In the last week, shit has got real; things have notched up a gear. I know some families are already self-isolating and like many mums out there, the thought of a 7-day lockdown with my kids fills me with fear. The longest we’ve ever spent cooped up inside was the weekend of Storm Dennis. It was a long weekend.
Matt Haig recently tweeted, “I think there has never been a better time to stay in than in this century. We have Netflix and books and home delivery and Skype and social media. If we can stay in, we absolutely should. We will make our sacrifice on sofas.”
If you don’t have kids and your work situation is ok, then self-isolating isn’t really a big deal. Provided you’re well, it’s actually the perfect opportunity to binge watch Netflix and read a book with your feet up.
But with kids around, it’s a different story.
Today I spent some time thinking about how I would tackle quarantine so that if the dreaded announcement that schools are closing comes along, I’ll be prepared and I’ll have a plan. Here’s a few suggestions I found useful.
1. Structure the day with the kids. Five Minute Mum has written a really helpful blog post showing you how to plan a day if you find yourself self-isolating. She breaks it down in to sections and shares ideas about how to fill the time. There’s also helpful tips about online resources and a great reminder that it’s ok to tell the kids you need some rest time and they need to play on their own. Remember, we’re not superhuman.
2. I’ve been using a method of setting 30 minute timers to boost my efficiency while working recently and it’s been a gamechanger. Someone suggested setting shorter timers for kids, maybe 5-10 minutes and in each block of time you play a different game or set the kids a challenge.
3. I’ve put together an ideas jar. I wrote down lots of activities and games the kids love on folded bits of paper. They can pick an idea from the jar and we’ll do whatever’s written on the paper. For example, play hide and seek, do a jigsaw, make a card for the grandparents, bake banana bread, build a lego tower, etc. It takes the pressure off of me always having to come up with something fun to do.
4. I then put together an ideas jar for myself. This is all about finding some time for some self-care and saving my own sanity while being isolated at home. Anything from having a hot bath, calling a friend, reading a magazine to planting bulbs in the garden. By now, you should know I’m a BIG believer in taking time for yourself and it’s important now, more than ever.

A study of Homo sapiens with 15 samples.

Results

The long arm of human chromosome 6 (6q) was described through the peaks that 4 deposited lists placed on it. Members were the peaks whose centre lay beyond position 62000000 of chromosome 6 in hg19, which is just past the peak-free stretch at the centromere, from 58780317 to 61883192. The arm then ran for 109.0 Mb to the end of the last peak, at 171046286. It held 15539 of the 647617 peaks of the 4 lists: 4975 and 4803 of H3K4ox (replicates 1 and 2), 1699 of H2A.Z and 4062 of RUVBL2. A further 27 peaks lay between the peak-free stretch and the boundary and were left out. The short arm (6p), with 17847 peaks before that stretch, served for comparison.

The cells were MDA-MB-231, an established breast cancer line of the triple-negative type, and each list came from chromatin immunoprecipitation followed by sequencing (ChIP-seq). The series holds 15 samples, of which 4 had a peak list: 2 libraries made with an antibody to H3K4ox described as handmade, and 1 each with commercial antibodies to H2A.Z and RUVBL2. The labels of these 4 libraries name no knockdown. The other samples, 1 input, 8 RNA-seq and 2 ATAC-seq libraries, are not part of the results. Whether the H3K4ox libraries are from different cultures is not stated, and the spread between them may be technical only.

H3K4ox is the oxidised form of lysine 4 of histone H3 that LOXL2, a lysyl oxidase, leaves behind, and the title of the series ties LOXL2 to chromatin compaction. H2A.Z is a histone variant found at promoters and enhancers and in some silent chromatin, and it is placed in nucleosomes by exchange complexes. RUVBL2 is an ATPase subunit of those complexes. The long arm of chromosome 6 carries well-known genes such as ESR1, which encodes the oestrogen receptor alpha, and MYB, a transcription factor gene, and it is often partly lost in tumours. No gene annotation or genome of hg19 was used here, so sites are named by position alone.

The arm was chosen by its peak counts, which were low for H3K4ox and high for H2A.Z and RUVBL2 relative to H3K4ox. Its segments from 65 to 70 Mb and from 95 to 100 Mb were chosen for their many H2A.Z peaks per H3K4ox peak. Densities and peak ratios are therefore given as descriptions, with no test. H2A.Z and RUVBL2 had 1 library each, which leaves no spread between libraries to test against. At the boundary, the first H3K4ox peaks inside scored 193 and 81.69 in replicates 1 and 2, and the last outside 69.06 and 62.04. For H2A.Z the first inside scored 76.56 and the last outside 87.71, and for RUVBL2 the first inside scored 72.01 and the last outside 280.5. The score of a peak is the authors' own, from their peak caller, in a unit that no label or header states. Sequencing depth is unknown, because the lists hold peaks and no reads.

5. If you haven’t got yourself a copy of Five Minute Mum‘s book, get it! This book is amazing. Daisy has come up with 150 different activities you can do with your kids that take five minutes to set up and five minutes to put away. It’s genius.
6. When in doubt, Pinterest is brilliant for ideas.
7. Self-isolating doesn’t mean you can’t enjoy fresh air. Give yourself time in the garden each day. It’s the perfect time to get the kids interested in gardening and they’ll love being outside just as much as you do.
8. Talk to your partner and come up with work a game plan you’re both happy with. Establish your priorities and be honest with each other. If your partner is working from home, think about who needs more time to work. How can you share jobs in the house? Can you split time with the kids so you both get a break? If your partner isn’t around, is there any flexibility for him to work shorter days and relieve you as soon as he’s home? It’s good to talk about your options early to avoid arguments and resentment building up.
9. Be realistic, you will lose it at some point. Don’t feel guilty about losing your temper. This is an extraordinary situation and it’s not easy containing small strong-willed children. Reset your expectations and don’t set yourself any tasks you know you’re unlikely to achieve. For example, if we end up on lockdown, I’ll need to scale back my business. I’d concentrate on just the essentials to keep the business operating like getting orders out and customer service.
10. If you find yourself feeling overly stressed and anxious, unplug yourself for a while. Take a break from social media and the news if you need to. Anna Mathur has written a brilliant blog post about dealing with coronavirus anxiety.
11. Make use of your support network, whether that’s friends, family, colleagues or neighbours. Self-isolating doesn’t mean cutting yourself off completely so check in with people when you can.
12. If you’re in to stockpiling, I’d suggest stockpiling chocolate and wine. Self-isolating will be much more manageable with copious amounts of both.
Remember, whatever happens over the coming weeks, YOU GOT THIS.
Photo taken from Unsplash; illustration from Laura Jane Illustrations.